By HospiMedica International staff writers
Posted on 09 Nov 2016
Image: Close up of 3D printer printing heart-on-a-chip MPD (Photo courtesy of Harvard University).
Multi-material three-dimensional (3D) printing may one day be used to design organs-on-chips that match the properties of a specific disease, or even an individual patient’s cells.

Researchers at Harvard University (Cambridge, MA, USA) have developed a new technique to fabricate instrumented cardiac microphysiological devices (MPDs) that uses a mix of six functional inks that are based on piezo-resistive, high-conductance, biocompatible soft materials. By using 3D printing, the researchers were able to print a physio-mimetic, laminar cardiac tissue MPD that integrates soft strain sensors into the micro-architecture of the tissue, all in a single, continuous procedure.

The chip contains multiple wells, each with separate tissues and integrated sensors, which allows the researchers to study many engineered cardiac tissues at once. To demonstrate the efficacy of the device, the researchers first validated that the embedded sensors provided non-invasive, electronic readouts of tissue contractile stresses inside cell incubator environments. They then used the MPD to study drug responses, as well as the contractile development of human stem cell-derived laminar cardiac tissues over four weeks. The study was published on October 24, 2016, in Nature Materials.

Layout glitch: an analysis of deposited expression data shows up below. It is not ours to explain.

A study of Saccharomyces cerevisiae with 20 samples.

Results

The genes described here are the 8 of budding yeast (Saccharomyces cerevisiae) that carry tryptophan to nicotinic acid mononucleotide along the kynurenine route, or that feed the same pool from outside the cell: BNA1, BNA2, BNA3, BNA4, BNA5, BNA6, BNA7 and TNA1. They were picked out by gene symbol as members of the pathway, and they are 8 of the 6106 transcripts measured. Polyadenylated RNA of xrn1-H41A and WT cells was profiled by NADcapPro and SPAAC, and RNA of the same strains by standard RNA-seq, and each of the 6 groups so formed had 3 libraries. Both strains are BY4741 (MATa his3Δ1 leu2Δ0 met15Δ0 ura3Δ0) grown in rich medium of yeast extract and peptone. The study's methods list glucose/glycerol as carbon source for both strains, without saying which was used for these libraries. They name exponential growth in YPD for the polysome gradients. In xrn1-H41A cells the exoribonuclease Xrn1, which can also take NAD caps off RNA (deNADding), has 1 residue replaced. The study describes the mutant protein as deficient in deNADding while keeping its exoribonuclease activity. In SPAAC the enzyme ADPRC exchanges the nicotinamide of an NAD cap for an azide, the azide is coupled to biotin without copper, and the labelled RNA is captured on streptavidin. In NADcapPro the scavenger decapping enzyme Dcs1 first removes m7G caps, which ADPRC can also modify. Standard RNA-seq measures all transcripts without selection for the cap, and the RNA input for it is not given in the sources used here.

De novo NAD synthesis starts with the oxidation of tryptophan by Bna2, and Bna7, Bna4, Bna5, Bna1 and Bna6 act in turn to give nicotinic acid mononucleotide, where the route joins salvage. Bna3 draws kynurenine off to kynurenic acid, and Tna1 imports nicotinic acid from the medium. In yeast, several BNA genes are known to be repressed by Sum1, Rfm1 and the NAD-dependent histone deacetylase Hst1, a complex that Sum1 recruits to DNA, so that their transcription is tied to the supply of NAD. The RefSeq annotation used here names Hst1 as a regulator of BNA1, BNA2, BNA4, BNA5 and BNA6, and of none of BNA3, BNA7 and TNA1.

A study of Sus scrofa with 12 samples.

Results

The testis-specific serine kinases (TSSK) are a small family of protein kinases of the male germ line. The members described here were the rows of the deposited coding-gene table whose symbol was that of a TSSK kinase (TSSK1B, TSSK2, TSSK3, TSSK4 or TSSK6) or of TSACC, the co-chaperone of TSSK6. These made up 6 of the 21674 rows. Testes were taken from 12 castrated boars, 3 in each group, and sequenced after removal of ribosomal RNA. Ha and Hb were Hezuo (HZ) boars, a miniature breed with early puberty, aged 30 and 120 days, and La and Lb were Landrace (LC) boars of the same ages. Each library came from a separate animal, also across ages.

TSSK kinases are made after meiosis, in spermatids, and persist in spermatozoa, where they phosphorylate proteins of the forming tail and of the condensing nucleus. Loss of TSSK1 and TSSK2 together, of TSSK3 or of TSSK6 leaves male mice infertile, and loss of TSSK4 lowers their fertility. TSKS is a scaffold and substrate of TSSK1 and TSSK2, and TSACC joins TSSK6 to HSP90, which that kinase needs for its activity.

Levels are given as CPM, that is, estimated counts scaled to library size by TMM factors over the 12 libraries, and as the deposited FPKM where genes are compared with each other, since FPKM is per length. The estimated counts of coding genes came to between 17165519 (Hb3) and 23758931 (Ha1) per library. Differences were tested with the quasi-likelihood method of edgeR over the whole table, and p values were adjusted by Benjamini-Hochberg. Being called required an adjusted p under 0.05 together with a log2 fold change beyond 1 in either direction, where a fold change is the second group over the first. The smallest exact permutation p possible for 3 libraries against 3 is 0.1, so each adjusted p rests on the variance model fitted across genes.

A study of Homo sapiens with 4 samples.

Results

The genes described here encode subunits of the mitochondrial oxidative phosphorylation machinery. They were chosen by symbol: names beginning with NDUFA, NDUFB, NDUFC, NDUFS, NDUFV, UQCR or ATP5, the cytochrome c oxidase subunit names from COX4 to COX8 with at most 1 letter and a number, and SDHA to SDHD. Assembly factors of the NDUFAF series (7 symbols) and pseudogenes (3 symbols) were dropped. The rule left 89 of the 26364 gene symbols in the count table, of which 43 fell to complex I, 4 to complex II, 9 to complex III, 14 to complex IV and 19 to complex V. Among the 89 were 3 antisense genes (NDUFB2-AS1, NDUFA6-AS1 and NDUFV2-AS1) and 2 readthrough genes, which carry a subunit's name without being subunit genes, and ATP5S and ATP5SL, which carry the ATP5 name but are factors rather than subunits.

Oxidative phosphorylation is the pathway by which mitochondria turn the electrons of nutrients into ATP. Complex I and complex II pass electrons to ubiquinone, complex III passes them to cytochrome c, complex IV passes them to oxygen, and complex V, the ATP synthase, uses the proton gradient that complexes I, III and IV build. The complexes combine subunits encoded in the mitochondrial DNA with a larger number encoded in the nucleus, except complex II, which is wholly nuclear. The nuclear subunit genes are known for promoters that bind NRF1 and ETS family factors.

“Researchers are often left working in the dark when it comes to gradual changes that occur during cardiac tissue development and maturation, because there has been a lack of easy, non-invasive ways to measure the tissue functional performance,” said lead author Johan Ulrik Lind, PhD. “These integrated sensors allow researchers to continuously collect data while tissues mature and improve their contractility. Similarly, they will enable studies of gradual effects of chronic exposure to toxins.”

“Our microfabrication approach opens new avenues for in vitro tissue engineering, toxicology, and drug screening research,” said study co-author professor of bioengineering and applied physics Kit Parker, PhD. “Translating microphysiological devices into truly valuable platforms for studying human health and disease requires that we address both data acquisition and manufacturing of our devices. This work offers new potential solutions to both of these central challenges.”

MPDs, also known as organs-on-chips, mimic the structure and function of native tissue in-vitro and have emerged as a promising alternative to traditional animal testing; but the fabrication and data collection process is expensive and laborious. Currently, these devices are built in clean rooms using a complex, multi-step lithographic process, and collecting data requires microscopy or high-speed cameras, since they do not have integrated sensors.